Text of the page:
Hollywood Gender Gap Persists in 100 Top-Grossing 2008 Films
A new study from researchers at the Annenberg School for Communication & Journalism shows that females remain less visible and less valued than males in top feature films—both in front of and behind the camera.
In cinematic content, females appear to be cold, hungry, and alone. At least that is what our recent gender analysis reveals about the 100 top-grossing theatrically released fictional films in 2008. We evaluated more than 4,300 on-screen speaking characters and more than 1,200 above-the-line personnel (directors, writers, producers). Among our current findings:
Females are still lacking visibility in popular motion picture content. Across the 4,370 speaking characters coded with an identifiable gender, a total of 32.8 percent are girls or women. Put differently, just over two boys/men appear on the silver screen to every one girl/woman.
On one hand, this is some good news. To date, this is the lowest ratio of males to females we have observed in our film research! Further, the percentage of females on screen in 2008 is 2.9 percent higher than it was in 2007. Though a small and positive step in the right direction, the findings reveal that females still take up far less space than males do in popular motion picture content.
Turning to behind-the-camera employees, the gender gap is far more problematic. For every one working female director, writer, or producer, there are 4.9 working males in the same above-the-line gate-keeping positions. Stated in another way, only 8 percent of directors, 13.6 percent of writers, and 19.1 percent of producers were female across the 100 top-grossing films in 2008. These numbers are unsettling, as one way to diversify images on screen may be to vary the personnel responsible for making the content. In fact, this is exactly what our results showed. When one or more females are involved directing, writing, or producing, the number of females on screen increases substantially (see Figure 1). In the case of screenwriters, the presence of at least one female on the writing team was associated with a 14.3 percent increase in the percentage of female characters on screen.
Unfortunately, there is another way to interpret these findings. Studio executives may be more likely to hire female directors or writers when developing female-centric storylines. Such narratives also may depict a higher percentage of females in the cast. Through the lens of this interpretation, female directors and writers may have substantially fewer options and less opportunity than their male counterparts to helm or pen a diverse range of stories across a variety of money making genres. This lack of opportunity, in turn, may affect females’ earning potential. Indeed, the recent Writers Guild Report shows that female screenwriters’ (in film) median income has been markedly less than white male screenwriters from 2003 to 2007. In the last year studied in the report (2007), females' median earnings were more than $40,000 less than white males' median earnings.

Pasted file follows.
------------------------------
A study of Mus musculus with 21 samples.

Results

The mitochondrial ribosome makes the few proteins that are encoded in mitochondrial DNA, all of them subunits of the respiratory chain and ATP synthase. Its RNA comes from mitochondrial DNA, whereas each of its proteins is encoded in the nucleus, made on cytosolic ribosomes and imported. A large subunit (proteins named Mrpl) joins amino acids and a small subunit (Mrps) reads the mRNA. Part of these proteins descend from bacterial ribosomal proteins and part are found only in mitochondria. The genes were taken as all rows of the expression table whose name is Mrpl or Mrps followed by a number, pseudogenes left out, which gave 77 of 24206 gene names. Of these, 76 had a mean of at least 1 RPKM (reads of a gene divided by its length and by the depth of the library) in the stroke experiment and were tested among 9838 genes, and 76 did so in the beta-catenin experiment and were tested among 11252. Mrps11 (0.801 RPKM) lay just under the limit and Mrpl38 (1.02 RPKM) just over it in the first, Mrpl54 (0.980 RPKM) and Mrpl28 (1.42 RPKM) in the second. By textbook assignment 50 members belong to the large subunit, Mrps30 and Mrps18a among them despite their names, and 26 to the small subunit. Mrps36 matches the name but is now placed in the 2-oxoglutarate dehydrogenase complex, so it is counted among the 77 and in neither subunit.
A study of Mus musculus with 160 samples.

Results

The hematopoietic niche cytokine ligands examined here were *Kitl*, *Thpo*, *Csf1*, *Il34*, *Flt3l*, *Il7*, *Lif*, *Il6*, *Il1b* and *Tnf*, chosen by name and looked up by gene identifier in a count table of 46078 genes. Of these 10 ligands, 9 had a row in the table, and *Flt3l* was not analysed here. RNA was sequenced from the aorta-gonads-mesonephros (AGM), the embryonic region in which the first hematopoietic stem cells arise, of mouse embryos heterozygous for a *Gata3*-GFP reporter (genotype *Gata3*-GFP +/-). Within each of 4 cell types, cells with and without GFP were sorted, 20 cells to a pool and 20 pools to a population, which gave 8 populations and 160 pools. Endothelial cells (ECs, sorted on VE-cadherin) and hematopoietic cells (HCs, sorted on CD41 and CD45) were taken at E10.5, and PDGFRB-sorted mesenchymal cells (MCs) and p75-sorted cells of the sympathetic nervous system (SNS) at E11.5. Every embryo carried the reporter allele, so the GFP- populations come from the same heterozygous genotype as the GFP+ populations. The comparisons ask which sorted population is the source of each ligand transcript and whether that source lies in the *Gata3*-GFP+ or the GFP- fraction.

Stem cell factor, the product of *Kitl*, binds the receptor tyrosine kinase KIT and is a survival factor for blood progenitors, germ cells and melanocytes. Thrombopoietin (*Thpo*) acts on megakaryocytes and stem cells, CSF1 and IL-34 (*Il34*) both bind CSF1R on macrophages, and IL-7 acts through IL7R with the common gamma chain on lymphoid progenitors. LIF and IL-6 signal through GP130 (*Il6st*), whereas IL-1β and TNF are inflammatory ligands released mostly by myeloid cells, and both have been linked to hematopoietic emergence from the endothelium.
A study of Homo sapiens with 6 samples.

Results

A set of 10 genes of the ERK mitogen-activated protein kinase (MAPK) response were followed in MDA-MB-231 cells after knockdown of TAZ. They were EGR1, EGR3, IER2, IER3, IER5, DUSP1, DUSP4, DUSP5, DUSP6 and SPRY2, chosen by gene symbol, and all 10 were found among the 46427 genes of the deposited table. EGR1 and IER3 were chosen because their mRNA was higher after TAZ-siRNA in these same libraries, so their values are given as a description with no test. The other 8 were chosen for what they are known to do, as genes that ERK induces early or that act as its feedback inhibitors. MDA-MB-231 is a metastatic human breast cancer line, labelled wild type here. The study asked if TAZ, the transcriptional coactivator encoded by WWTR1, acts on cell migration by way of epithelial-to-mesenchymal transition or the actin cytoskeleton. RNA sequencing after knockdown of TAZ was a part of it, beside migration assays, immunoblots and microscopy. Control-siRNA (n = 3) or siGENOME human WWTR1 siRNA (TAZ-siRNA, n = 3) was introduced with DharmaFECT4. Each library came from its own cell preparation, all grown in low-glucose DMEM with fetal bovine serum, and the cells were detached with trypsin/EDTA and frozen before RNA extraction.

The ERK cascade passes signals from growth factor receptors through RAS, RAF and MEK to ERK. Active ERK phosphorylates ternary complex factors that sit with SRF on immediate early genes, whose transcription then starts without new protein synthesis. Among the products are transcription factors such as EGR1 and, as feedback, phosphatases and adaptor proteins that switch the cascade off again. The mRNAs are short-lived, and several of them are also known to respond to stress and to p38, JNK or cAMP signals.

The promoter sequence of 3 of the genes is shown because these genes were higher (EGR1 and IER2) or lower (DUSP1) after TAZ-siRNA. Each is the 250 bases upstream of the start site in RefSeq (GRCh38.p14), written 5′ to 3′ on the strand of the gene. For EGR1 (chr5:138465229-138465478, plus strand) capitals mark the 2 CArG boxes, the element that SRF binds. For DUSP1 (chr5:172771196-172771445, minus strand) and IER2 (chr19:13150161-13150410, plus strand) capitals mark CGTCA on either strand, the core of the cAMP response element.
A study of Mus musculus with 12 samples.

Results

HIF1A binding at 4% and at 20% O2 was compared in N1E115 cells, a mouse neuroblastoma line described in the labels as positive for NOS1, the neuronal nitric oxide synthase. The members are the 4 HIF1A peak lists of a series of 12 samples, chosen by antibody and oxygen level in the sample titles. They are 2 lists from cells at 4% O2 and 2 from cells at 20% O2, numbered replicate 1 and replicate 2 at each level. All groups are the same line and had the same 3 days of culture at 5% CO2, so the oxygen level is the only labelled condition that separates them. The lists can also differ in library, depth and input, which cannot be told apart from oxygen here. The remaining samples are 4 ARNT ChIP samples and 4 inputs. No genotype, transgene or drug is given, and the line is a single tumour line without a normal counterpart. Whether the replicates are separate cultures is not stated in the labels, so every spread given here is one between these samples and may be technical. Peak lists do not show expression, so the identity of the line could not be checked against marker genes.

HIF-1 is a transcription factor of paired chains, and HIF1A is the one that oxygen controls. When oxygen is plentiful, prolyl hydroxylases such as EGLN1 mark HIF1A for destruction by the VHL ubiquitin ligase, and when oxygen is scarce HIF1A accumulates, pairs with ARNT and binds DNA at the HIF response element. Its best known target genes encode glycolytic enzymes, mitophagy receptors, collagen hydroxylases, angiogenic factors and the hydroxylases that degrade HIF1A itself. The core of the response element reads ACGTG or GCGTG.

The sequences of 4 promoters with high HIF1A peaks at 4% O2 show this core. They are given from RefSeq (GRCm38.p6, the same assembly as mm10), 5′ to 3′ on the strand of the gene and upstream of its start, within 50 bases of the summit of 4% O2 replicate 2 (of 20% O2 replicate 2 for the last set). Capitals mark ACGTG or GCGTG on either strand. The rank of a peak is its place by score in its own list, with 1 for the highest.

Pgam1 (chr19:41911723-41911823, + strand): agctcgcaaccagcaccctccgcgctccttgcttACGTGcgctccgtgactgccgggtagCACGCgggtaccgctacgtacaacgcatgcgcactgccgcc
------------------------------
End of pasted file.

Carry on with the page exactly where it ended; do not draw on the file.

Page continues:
Not only are females lacking visibility in film, but they are often portrayed as pretty and dressed provocatively. Clearly, it is not a surprise that alluring and attractive characters fill the silver screen. The problem emerges, however, when this burden falls disproportionately on the shoulders of females. This is exactly what our data reveal. Females are more likely than males to be shown attractive, in sexy outfits, or partially naked (see Figure 2). Further, females are more likely than their male counterparts to possess a small or diminutive waist. Given the lack of clothing worn and narrow mid sections, the terms ‘cold’ and ‘hungry’ may be fitting descriptors for some of these female characters. Interestingly, no meaningful differences (5 percent or greater) by gender were observed for chest size or unrealistic body ideal.
Perhaps what was most disconcerting was the physical emphasis placed on 13- to 20-year old females. Our data show that teenaged females are far more likely than teenaged males to be depicted in revealing apparel (39.8 percent of teen females compared to 6.7 percent of teen males), partially naked (30.1 percent to 10.3 percent), physically attractive (29.2 percent to 11.1 percent), and with a small waist (35.1 percent to 13.6 percent). Again, chest size and presence of an ideal figure did not vary meaningfully with gender.
Overall, the findings suggest that males and females are differentially valued in motion pictures. Despite the fact that it is 2011, females are still far less important or esteemed than are males, particularly behind-the-camera. When they are shown on screen, females are prized for provocative (or noticeably absent) attire, attributes of their physique, and prettiness. This is also true of teenaged females. The hypersexualized focus on teens is disquieting, given that exposure to objectifying media portrayals may contribute to negative effects in some young female viewers. Such depictions may also affect young male consumers, by teaching and/or reinforcing that girls/women are to be valued for how they look rather than who they are.